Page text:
NEW YORK, NY - Mortgage rates were slightly higher this week, with the benchmark 30-year fixed mortgage rate inching upward to 4.10 percent, according to Bankrate.com's weekly national survey. The 30-year fixed mortgage has an average of 0.24 discount and origination points.
The larger jumbo 30-year fixed rate dropped even further below the conforming 30-year fixed mortgage, resetting a three-month low of 4.02 percent. The average 15-year fixed mortgage ticked higher to 3.28 percent. Adjustable mortgage rates were mixed, with the 3-year ARM sliding to 3.25 percent and the 5-year ARM stepping up to 3.24 percent.
Mortgage rates were little changed on a week-over-week basis but they yo-yoed up and down during the days in between. Disappointing economic reports on consumer spending and construction spending were offset by a stellar report on the services sector. But the jawboning from members of the Federal Open Market Committee has begun, with both Dennis Lockhart and James Bullard supporting the notion of a September interest rate hike. Yields on long-term government bonds moved only slightly as the expectation is for a gradual pace of movement once the Federal Reserve begins to raise interest rates. Mortgage rates are closely related to yields on long-term government bonds.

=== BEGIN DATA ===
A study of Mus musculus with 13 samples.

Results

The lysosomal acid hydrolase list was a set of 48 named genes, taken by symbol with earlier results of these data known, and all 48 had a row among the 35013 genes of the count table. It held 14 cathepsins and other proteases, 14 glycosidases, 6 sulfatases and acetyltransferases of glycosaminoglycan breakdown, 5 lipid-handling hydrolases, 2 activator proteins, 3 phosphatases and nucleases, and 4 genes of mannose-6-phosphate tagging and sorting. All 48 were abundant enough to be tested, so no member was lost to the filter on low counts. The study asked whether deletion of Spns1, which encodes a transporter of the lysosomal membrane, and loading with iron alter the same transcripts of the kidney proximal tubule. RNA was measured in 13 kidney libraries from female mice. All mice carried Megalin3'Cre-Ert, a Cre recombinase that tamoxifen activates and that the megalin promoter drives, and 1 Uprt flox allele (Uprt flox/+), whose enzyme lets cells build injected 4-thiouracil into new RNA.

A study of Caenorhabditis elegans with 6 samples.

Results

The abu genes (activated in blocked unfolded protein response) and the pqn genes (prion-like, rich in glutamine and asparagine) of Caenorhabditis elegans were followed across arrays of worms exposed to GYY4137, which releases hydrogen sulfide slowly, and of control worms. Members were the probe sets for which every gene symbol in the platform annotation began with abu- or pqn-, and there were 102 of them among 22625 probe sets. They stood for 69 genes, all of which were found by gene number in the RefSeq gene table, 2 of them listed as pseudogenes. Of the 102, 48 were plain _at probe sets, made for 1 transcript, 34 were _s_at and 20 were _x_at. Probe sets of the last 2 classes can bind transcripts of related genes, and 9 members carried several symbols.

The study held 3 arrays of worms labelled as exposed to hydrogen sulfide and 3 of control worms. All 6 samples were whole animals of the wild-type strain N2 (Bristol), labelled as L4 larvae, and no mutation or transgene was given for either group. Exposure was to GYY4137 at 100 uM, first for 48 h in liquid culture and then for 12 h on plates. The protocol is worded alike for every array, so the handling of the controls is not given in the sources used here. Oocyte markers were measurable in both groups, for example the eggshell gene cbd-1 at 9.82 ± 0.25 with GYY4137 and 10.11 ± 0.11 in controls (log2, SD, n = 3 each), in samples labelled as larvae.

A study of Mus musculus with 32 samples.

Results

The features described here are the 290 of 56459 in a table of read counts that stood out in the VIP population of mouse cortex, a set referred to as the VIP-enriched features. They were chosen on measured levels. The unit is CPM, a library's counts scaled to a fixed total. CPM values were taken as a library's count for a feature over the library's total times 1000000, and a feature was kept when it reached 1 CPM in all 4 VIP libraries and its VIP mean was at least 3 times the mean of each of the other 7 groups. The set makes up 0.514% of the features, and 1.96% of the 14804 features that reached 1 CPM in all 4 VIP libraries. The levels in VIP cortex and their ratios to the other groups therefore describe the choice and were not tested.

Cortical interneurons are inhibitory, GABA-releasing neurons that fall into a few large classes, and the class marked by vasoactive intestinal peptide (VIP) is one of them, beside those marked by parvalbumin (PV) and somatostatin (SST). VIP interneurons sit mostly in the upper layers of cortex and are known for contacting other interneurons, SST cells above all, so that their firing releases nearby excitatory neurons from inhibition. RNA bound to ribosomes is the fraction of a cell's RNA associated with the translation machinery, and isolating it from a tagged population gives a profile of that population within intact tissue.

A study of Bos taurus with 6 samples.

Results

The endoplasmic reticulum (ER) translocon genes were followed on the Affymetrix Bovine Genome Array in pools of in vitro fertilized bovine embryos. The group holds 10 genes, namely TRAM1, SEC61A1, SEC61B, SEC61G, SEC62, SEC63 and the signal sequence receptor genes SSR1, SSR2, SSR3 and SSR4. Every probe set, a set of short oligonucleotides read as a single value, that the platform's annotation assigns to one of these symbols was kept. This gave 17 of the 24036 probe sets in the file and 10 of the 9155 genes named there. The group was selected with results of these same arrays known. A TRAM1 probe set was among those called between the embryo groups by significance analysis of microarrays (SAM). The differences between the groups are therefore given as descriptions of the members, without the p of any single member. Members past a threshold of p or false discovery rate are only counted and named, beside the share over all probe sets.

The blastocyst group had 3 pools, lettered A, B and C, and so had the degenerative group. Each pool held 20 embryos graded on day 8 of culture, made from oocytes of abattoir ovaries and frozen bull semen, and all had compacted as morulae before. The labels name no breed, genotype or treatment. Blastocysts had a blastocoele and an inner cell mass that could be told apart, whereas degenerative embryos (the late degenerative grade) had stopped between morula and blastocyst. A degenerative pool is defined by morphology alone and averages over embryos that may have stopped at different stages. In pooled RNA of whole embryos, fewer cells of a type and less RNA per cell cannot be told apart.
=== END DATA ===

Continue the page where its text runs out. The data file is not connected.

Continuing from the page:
In mid-April, mortgage rates were at the lowest point in nearly two years when the average 30-year fixed mortgage rate was 3.79 percent. At that time, a $200,000 loan would have carried a monthly payment of $930.78. With the average rate now at 4.10 percent, the monthly payment for the same size loan would be $966.40, a difference of $35 per month for anyone that sat on the fence for too long.
30-year fixed: 4.10% -- up from 4.09% last week (avg. points: 0.24)
15-year fixed: 3.28% -- up from 3.27% last week (avg. points: 0.16)
5/1 ARM: 3.24% -- up from 3.22% last week (avg. points: 0.19)
Bankrate's national weekly mortgage survey is conducted each Wednesday from data provided by the top 10 banks and thrifts in 10 top markets.
For a full analysis of this week's move in mortgage rates, go to www.bankrate.com
The survey is complemented by Bankrate's weekly Rate Trend Index, in which a panel of mortgage experts predicts which way the rates are headed over the next seven days. More than half of the panelists – 55 percent -- expect mortgage rates to move higher in the coming week, while 36 percent predict mortgage rates will remain more or less unchanged. Just 9 percent forecast a decline in mortgage rates in the coming week.